How AI adoption could positively affect change management in UK policing.

Artificial intelligence could be said to have had a bit of a rough time in the press recently, with the much-discussed looming technical doom taking over the airwaves, we’ve decided to adopt a more positive outlook, and focus on the positive potential for this exciting new use of technology.

Indeed with the rapid adoption of artificial intelligence, we’re already starting to see cases of the more agile forces recognising and incorporating AI into their practice with what has been described as ‘positive outcomes’ so far. We believe that by following examples like this, the leadership among police forces can quickly realise efficiencies and service improvements through AI tech adoption.

Below we’ve listed five means that we believe AI will provide avenues for effective change in UK policing going forward.

1. Enhanced Decision Making

AI can provide forensic data-led insight and predictive analytics that will go an enormous length to empower decision making across UK policing leadership. From analysing historical data and trends, artificial intelligence could be adopted to identify areas for improvement, recommend strategies and predict the impact of change on the ultimate objectives of crime reduction and community wellness.

2. Allocating Resources Effectively

AI could be used to analyse factors such as crime hotspots, busy patrol routes, workforce insights and feedback and resource allocation. This would enable detailed analytics to determine areas of unsustainable excess and identify misallocated resources to drive up efficiency through the force.

3. Stakeholder Communications

AI is a language model ultimately and could be cleverly deployed to facilitate interactive and communications tech such as chatbots, communications pipelines and survey tools to engage with the forces teams and wider public to gather, analyse and provide solutions against gathered feedback.

4. Training and Development

A key feature of AI is the capacity to build customised and well-structured content against a specific brief. In this manner, AI can be used to personalise training and development programmes in order that they feel more tailored to the given member of staff, driving individual engagement and growth, and ultimately resulting in greater effectiveness of the training materials.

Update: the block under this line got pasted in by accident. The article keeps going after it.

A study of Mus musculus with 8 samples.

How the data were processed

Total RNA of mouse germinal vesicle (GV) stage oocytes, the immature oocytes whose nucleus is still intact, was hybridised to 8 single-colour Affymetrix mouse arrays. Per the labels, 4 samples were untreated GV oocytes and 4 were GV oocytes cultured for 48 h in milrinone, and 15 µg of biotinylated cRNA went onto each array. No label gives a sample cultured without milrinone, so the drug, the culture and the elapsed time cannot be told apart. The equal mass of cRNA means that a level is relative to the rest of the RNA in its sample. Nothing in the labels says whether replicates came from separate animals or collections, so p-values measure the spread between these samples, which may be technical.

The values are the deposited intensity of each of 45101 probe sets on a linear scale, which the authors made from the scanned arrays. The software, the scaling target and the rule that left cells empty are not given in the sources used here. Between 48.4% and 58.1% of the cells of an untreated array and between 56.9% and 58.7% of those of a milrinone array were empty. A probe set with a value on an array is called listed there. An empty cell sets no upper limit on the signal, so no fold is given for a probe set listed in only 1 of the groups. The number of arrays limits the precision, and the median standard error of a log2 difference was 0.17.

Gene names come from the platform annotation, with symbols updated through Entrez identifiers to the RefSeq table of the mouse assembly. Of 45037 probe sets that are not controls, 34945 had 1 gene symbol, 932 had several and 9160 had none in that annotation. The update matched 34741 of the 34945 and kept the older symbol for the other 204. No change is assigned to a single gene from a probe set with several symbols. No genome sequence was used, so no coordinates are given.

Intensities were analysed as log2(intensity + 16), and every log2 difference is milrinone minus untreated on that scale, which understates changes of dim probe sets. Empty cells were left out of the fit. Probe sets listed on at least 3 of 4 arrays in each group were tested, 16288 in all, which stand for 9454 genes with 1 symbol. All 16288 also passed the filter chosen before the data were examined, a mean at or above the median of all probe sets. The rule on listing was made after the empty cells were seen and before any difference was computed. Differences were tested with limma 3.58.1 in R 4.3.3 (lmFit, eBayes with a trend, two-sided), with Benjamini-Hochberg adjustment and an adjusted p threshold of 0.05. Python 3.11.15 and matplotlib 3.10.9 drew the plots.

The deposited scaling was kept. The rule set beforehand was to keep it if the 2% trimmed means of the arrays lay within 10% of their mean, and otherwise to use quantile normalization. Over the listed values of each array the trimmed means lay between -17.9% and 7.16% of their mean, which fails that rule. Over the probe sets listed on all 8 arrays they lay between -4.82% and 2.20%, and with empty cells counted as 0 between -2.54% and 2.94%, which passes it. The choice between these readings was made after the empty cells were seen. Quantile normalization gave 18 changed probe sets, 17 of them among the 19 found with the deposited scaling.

5. Performance Monitoring

A foremost concern of a typical change management programme is performance monitoring of course. AI can be used to generate, inspect and analyse complicated models of data, and so can be used to build a performance monitoring matrix against which decisions can be quickly made.

While we understand the hesitation around AI, we’re firm believers that those who cautiously keep a keen eye on the potential brought about by AI, will soon start to reap the benefits of this exciting new technology. Our change management teams, and community of associates are well versed in the practice of evolving technical programmes within the Criminal Justice, Defence and Central Government sectors, helping our customers to achieve their strategic goals while driving efficiency.


Stephanie is one of our home-grown talents, starting from our Resource Management team in 2018, delivering across Transport and Defence projects. Now our Head of Consulting, Stephanie leads across business development, client engagement and bids, specialising in Defence and Central Government programme and project delivery. She is passionate about gender diversity and delivering high quality services to our customers.